The private attorney who represents the state Attorney General's office against claims of bribery by the Maricopa County Sheriff Joe Arpaio is also named in the flimsy -- but serious -- federal racketeering lawsuit launched by the sheriff and county attorney.
|Image: Wikimedia Commons|
Yet on Wednesday, the AG's office advised the Superior Court on how to handle the Sheriff's Office investigation into the planned construction of a new court tower, even though the private attorney -- Ed Novak -- is named as a conspirator in the racketeering lawsuit, which centers on the court-tower investigation.
Presiding Judge Barbara Mundell, also deemd a conspirator by Thomas and Arpaio, asked the AG's office for the advice after detectives began knocking at the homes of court staff over the weekend.
The chief of the office's financial division, Mark Wilson, wrote to Mundell that the court should tell employees they can do what they want -- talk, or don't talk. Employees can ask the detectives to come back during working hours, but should be mindful of interrupting court activity. "Employees should be cautioned that if documents are requested," they shouldn't give the deputies any court documents, Wilson wrote.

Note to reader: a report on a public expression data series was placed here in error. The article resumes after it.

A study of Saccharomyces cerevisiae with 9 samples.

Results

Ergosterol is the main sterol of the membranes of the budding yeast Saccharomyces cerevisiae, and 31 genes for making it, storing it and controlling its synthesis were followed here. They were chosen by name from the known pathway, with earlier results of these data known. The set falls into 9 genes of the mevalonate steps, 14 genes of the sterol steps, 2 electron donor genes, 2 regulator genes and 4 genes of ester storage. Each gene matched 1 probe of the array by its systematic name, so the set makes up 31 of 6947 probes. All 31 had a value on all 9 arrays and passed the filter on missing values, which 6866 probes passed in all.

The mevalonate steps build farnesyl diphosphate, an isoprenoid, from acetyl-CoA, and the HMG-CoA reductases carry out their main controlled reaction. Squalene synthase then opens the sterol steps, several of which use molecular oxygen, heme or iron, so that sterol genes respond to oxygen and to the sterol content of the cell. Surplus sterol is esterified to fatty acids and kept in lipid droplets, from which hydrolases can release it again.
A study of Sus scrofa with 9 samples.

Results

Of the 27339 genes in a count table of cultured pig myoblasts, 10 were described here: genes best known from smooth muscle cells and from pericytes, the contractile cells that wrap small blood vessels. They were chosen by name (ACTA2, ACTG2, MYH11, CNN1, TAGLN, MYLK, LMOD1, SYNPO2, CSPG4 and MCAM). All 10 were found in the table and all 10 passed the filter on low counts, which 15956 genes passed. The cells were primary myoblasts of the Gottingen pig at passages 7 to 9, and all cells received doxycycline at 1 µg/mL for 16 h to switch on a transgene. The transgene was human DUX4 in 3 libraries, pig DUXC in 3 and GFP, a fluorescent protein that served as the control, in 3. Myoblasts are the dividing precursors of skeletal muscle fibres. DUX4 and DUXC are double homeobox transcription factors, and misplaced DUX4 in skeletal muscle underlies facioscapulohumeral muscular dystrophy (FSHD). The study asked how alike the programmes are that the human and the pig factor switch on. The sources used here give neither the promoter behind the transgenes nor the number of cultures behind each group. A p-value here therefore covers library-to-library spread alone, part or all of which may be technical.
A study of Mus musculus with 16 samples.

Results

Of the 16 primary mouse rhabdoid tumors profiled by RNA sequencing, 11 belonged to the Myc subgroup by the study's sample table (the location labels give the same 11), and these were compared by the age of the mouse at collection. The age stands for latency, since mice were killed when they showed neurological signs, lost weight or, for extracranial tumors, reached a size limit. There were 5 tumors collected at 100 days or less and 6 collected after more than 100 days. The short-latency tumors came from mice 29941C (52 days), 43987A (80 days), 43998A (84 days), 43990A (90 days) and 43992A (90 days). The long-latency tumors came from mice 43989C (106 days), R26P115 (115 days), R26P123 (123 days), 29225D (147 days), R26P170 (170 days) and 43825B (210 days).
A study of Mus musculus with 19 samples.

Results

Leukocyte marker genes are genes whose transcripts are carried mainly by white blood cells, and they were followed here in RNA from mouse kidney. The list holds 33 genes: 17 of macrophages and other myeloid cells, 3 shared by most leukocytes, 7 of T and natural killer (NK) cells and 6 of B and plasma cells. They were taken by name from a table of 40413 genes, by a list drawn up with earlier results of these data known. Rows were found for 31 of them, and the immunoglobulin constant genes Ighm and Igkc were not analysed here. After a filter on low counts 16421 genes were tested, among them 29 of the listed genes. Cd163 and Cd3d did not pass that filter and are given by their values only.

At the least, this seems to give Thomas and Arpaio more grist for their mill: Attorney General Terry Goddard could be perceived as interfering with an investigation of his lawyer.
Now, we have major doubts that some of the county's top judges, politicians, managers and lawyers operate as an evil cabal, but we figured the question should be raised about whether giving such advice could be a conflict of interest.
When it comes to getting answers about the goings-on in Maricopa County these days, of course, you have to be willing to step inside the rabbit-hole.
At first, Anne Hilby, Goddard's spokeswoman, told us she couldn't comment about Wilson's "piece of advice" to Mundell.
Huh? We first learned of the advice by reading the Arizona Republic yesterday, which mentioned near the bottom of a story about Mary Rose Wilcox's attorney that the AG's offfice had "issued an opinion ... that nothing forced employees to satisfy these requests for interviews."
Hilby explained yesterday afternoon that it wasn't an official "opinion," but she couldn't say any more about Wilson's letter, or even acknowledge its existence, because it was considered a private communication between a client and an attorney. (The Superior Court is one of the AG's clients). She added that her office didn't release the letter to the media.
Perhaps this just shows the Valley's legal community is a small world.
After all, Novak, (at right), the immediate past president of the State Bar, even used to represent the Sheriff's Office. Specifically, Novak helped Arpaio sue the county over the alleged defamation of his chief deputy, Dave Hendershott, who had been criticized by county leaders after he retired and got re-hired for the same job.